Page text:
The Supreme Court’s conservative majority said Friday the question of whether President Trump’s anti-immigrant apportionment policy is legal was not yet ready for its review.
In an unsigned opinion, the court said it was taking no view of the merits of the case challenging the census policy, which seeks to exclude from the count used for apportionment undocumented immigrants. The court, however, reversed a lower court’s decision blocking the Commerce Department, which oversees the census, from taking certain steps to implement the policy.
“At present, this case is riddled with contingencies and speculation that impede judicial review,” the Supreme Court said.
The court’s three Democratic-appointed justices dissented from the decision and would have let lower court ruling stand.
The Supreme Court majority’s dodge in the case keeps alive a far-right passion project to fundamentally change who gets representation in the United States. Even if Trump does not succeed in implementing the policy due to logistical issues that have arisen, Friday’s decision sets the table for a future administration to try again during the next census.
Excluding undocumented immigrants from the apportionment count would reduce the number of House seats that immigrant-rich states, like California, are given in the next round of apportionment, while increasing the number of House seats for whiter, more reliably Republican states. The apportionment count also provides the basis for the Electoral College. The Constitution mandates that this count be based on a census of a “whole number of persons’ in each state.
The Supreme Court said Friday that nonetheless, “any prediction how the Executive Branch might eventually implement this general statement of policy is ‘no more than conjecture’ at this time.”
It cited specifically the lack of clarity around just how many undocumented immigrants Trump would ultimately be able to subtract from the apportionment count, as well as whether that subtraction would impact the number of House seats states would get or the funding that they receive. (Several government funding programs are based on census data).
“We simply do not know whether and to what extent the President might direct the Secretary to ‘reform the census’ to implement his general policy with respect to apportionment,” the court said.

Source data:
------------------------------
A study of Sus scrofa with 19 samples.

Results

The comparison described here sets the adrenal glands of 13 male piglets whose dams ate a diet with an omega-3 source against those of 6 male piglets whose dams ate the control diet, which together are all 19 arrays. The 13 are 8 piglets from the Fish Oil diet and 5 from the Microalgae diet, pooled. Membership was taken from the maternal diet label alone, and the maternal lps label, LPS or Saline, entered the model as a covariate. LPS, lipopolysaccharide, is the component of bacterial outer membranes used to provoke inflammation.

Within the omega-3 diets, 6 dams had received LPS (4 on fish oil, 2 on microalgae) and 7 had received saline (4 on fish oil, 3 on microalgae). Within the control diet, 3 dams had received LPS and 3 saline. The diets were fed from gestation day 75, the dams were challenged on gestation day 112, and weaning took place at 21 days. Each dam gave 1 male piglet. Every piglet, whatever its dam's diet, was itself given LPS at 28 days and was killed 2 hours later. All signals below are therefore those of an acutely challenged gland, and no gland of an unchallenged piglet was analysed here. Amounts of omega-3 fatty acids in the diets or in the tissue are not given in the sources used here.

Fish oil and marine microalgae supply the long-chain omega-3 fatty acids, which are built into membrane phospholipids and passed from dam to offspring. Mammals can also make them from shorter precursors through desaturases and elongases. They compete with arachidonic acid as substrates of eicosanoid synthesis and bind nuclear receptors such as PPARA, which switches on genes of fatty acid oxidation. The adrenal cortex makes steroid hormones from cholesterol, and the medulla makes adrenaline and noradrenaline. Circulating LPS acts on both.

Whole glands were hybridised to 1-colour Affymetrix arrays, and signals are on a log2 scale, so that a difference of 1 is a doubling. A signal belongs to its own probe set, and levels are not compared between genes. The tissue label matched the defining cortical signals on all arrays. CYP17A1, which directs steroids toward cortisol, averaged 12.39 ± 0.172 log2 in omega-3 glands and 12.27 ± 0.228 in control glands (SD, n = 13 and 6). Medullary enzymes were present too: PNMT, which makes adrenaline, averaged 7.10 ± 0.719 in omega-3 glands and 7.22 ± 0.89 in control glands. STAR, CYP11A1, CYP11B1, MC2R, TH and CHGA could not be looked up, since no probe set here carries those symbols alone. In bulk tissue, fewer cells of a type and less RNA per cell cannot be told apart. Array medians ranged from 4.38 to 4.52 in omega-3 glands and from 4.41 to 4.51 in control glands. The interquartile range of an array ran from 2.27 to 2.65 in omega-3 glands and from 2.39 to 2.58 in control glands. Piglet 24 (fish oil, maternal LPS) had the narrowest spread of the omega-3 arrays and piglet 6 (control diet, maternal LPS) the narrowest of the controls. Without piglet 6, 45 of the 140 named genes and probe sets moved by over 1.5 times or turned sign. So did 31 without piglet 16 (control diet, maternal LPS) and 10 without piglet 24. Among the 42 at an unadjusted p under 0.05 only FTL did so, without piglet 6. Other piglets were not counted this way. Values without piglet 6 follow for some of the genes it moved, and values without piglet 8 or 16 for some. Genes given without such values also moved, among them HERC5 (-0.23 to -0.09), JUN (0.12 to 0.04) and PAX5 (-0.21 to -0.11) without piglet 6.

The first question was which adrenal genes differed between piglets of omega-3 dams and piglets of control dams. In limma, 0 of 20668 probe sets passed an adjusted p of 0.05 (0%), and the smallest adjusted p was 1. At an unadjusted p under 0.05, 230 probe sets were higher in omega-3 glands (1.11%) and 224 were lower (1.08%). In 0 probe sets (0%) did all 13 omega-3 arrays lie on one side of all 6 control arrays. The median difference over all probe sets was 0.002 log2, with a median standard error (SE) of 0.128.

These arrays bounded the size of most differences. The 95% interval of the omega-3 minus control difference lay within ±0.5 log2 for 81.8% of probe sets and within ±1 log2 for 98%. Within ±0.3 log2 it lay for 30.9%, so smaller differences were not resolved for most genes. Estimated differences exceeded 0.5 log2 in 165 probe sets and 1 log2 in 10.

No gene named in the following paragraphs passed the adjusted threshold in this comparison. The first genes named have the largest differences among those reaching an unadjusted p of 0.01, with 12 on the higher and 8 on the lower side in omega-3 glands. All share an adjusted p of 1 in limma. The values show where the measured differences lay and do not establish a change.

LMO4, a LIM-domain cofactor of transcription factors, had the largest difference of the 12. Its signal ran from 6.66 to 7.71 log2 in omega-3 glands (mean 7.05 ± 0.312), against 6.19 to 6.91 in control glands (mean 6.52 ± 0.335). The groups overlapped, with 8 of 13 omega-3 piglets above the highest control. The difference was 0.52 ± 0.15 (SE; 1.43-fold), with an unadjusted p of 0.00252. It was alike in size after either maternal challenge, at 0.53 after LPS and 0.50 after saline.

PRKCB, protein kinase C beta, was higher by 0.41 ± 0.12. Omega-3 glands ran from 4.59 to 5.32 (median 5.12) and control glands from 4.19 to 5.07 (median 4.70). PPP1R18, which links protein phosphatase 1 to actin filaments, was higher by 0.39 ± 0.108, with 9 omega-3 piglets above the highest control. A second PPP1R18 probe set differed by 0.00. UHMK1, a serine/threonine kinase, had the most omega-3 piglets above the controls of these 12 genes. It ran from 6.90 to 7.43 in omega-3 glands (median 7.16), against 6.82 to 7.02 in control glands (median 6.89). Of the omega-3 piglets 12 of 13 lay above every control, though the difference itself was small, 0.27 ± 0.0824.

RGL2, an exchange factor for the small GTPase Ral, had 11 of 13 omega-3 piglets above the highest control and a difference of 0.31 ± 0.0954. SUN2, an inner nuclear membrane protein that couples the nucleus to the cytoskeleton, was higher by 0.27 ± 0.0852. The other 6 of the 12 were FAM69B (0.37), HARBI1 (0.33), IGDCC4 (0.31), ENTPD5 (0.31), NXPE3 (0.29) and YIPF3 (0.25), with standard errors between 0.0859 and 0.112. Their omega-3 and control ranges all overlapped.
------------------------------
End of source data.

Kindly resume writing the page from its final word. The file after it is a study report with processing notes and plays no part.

The liberals’ dissent, which was penned by Justice Stephen Breyer, said that putting off the decision would bring about severe costs, as another round of litigation would delay states’ redistricting processes, and on the merits, the question of the policy’s legality was not “not difficult.” Breyer said that the text of the relevant law, its history and the legislative record behind it support the conclusion that the Trump policy violates statutes passed by Congress concerning the census and apportionment. He stopped short of weighing in on whether it was unconstitutional.
“Where, as here, the Government acknowledges it is working to achieve an allegedly illegal goal, this Court should not decline to resolve the case simply because the Government speculates that it might not fully succeed,” Breyer wrote.
The policy was announced in July and the administration has worked aggressively to implement it. Days after it was unveiled, the administration reversed on pandemic-related plans to give the Census Bureau four extra months to finish the count; that extension would have given the bureau until late March to release the apportionment data, meaning that the policy would have likely been killed if Trump lost re-election.
Despite the administration’s pressure on the bureau to expedite the count so that the apportionment numbers could be released before Joe Biden’s inauguration, some late-stage delays in data processing are threatening the bureau’s ability to do so.
There are also questions about how feasible the policy is from the perspective of the bureau’s ability to gather records on undocumented immigrants to enumerate how many should be exluded from each states. The Supreme Court previously blocked the Trump administration from adding a citizenship question to the survey. At the time the administration claimed the question would help Voting Rights Act enforcement but it is now clear that the hope was it would produce data that could be used to exclude certain immigrants from the counts that determine how political power is doled out across the country.
The Trump apportionment policy was challenged in court quickly after it was unveiled. Prior to the Supreme Court’s decision, three courts had ruled it was illegal, with one of them also concluding it was unconstitutional. A fourth lower court had said it was too soon to resolve the dispute.
The ACLU, which led one of the lawsuits that was before the Supreme Court, emphasized in a statement that Friday’s decision was “only about timing, not the merits.”
“This ruling does not authorize President Trump’s goal of excluding undocumented immigrants from the census count used to apportion the House of Representatives,” ACLU’s Voting Rights Project Director Dale Ho said in the statement. “The legal mandate is clear — every single person counts in the census, and every single person is represented in Congress. If this policy is ever actually implemented, we’ll be right back in court challenging it.”